Sunday, 19 July 2015

Spanish Guerrilla in PBEM Campaign

Spanish guerrilla garrison town of Serrejon

The objective of my campaign is to allow me to use all of my model soldiers and scenery on the wargames table on a regular basis.

To do so I have had to develop wargame rules for such "difficult" nations as the Spanish.   I have done so by giving all nationalities plus and minus points.   All corps are the same size, and all cavalry and artillery similar in performance.   However infantry brigades have different morale, skirmish or volley ability. 

Most important is that luck, in the form of a dice throw, plays an important part in the game.   So it is possible for a Spanish line infantry brigade to defeat a French one.   Possible, but they will require better luck with the dice than the French.

My wargames rules are designed for brigades to be the lowest formation.  This caused problems when I decided to introduce Spanish guerrilla warfare in the PBEM campaign.   I felt it was necessary, because it played such a large part in the historical campaign.

We have used them for a year or so, but they do not “feel” right.

Apart from the Spanish regular army there are nine militia brigades, one in each city and town.   They are not allowed to move outside the town, and require a regular brigade to establish and run a supply depot.   When the French occupy a city or town the militia brigade becomes a guerrilla band.   They move to the nearest village and harrass the French.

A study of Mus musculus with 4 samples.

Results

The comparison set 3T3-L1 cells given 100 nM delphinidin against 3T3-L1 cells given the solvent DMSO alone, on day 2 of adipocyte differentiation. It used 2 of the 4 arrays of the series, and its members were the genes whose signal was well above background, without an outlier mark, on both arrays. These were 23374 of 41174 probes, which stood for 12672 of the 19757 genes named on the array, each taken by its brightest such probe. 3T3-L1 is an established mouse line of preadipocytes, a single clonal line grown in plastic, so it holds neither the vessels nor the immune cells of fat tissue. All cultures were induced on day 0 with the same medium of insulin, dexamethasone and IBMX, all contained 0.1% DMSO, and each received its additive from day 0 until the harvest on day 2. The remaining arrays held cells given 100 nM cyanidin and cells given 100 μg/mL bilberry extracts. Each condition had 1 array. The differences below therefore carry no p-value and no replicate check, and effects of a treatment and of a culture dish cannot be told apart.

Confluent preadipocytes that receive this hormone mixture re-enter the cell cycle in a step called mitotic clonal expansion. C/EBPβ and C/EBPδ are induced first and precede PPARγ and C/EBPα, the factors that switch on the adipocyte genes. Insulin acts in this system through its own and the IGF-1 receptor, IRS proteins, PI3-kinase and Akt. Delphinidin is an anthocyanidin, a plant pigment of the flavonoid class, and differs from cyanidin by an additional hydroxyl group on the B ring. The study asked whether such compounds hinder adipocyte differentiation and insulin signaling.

So far so good.  But the actual use of them has been very confused and either too effective, or not effective enough.

I have always considered that their role should be three fold

Observe and report the French location and movements
Attack isolated French garrisons
Ambush messengers

I have rules for all three, but they are too generous to the guerrilla.  They can attack at will, and run very little risk to themselves.

So I have decided to amend the campaign rules.  

First their ability to roam will be restricted.   They will have to be based in a village or farm.   Their maximum supplies will be three days.   So they can move one day.   Observe, ambush or attack for one day.   They must then return to their base the third day and resupply and recruit the next day.   

So they will only be able to perform one operation every four days.

A dice throw will decide the outcome of any ambush or attack.   They will require 5 or 6 to capture a messenger or inflict damage on a garrison.   2 or 3 they fail and must retreat.   1 or 2 they suffer casualties and rout.

So a one in three possibility of success.   But also similar odds to lose casualties and rout.  

If they capture a messenger they will receive a copy of the French orders (to all corps) for that day.

If they attack a garrison the French will not be able to gather supplies whatever the outcome.

I am hoping that the new, simplified rules will encourage the British and Spanish commanders to make better use of their guerrilla.